Research activities

Identifying individual elephants in order to study population dynamics
  • West of the Kruger National Park (APNR)
  • Since 1996: An extensive individual elephant ID database of 1500+ elephants.
  • Northern Kruger National Park (Makuleke Concession)
  • Since 2008: An ID database of 100+ bulls and the identikits of
  • 11 independent breeding herds.

Tracking elephants using advanced technology (GPS-satellite and GPS/GMS collars) to understand habitat use
  • Western Kruger National Park
  • Since 1998: 62 collaring operations including 17 re-collarings.
  • We currently have distribution data spanning 10 years from 8 herds and 29 bulls (ranging in age from 12 to 50 years).
  • Eastern Kruger National Park
  • December 2006: 7 GPS-satellite collars fitted on elephant bulls.
  • The focus is to gain a better understanding of elephant movements, their routes and under what environmental conditions they move into the new Limpopo National Park in Mozambique.
  • A secondary aim is corroborate or refute the results of our research efforts to the west of Kruger National Park.
  • Northern Kruger National Park (Makuleke Concession)
  • October 2008: 12 GPS-satellite collars fitted on elephants (6 bulls, 6 cows).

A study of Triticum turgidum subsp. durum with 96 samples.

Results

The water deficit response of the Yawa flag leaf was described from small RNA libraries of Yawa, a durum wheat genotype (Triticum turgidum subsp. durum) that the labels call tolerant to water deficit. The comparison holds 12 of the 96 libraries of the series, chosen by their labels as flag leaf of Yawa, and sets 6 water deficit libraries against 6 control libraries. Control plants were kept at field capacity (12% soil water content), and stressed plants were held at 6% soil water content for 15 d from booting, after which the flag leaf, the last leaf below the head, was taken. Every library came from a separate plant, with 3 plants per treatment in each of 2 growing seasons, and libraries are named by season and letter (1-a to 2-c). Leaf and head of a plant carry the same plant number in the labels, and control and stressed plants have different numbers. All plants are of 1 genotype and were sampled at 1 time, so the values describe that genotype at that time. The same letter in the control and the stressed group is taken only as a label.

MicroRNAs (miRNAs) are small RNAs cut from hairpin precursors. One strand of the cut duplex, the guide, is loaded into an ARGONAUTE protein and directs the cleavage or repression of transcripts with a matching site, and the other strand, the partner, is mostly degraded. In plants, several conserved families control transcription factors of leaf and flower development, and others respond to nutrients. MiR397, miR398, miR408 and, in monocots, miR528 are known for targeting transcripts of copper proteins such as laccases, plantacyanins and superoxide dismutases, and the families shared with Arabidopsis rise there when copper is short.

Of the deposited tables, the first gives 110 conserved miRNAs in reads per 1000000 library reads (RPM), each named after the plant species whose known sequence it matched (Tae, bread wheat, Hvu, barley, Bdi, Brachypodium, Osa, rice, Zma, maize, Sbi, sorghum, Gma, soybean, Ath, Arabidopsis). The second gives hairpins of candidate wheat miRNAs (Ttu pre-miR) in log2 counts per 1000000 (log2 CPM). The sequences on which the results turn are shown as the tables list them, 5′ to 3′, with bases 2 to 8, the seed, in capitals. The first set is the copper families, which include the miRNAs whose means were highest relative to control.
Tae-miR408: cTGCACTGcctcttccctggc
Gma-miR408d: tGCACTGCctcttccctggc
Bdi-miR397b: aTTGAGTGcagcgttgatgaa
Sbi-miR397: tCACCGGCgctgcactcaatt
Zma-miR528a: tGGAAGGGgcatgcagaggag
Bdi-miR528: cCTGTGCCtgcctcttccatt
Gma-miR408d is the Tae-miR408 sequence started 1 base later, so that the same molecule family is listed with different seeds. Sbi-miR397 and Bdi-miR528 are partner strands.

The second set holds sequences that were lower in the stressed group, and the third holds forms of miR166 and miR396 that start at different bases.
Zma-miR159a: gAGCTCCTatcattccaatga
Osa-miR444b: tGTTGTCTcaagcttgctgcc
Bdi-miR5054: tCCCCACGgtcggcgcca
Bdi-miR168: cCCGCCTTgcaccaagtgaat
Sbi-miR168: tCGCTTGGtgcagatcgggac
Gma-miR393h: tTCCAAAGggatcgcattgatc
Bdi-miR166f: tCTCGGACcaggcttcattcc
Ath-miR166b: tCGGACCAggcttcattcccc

• 2012: nine of these elephants were re-collared
  • This project is in collaboration with the Kruger National Park, the Makuleke Community and The Wilderness Safari Trust.

Monitoring individual trees over time to establish rates of change in important landscape features
  • In 2004 we initiated an individual tree monitoring programme. We are currently surveying 2971 individually labelled trees to determine their survival rate and the influences of accumulative elephant impact, wind toppling, insect attack or the effects of fire.
  • On an annual basis, we monitor 62 large trees used by southern ground hornbills as nesting sites to understand the influence of elephant impact on these sites.
  • We monitor 226 trees used by raptors and white back vultures as nesting sites to understand the influence of elephant impact on these sites.

Experiment with various methods of alleviating elephant tree impact and provide scientific knowledge to all stakeholders
  • Testing the efficacy of wire netting large trees in order to protect them and to foster positive human-elephant interactions, as large trees are considered to be of ecological and aesthetic importance to landowners.
  • Establishing an experimental site where bees will be used as a deterrent for elephant impact, thereby providing food security for other species, including humans.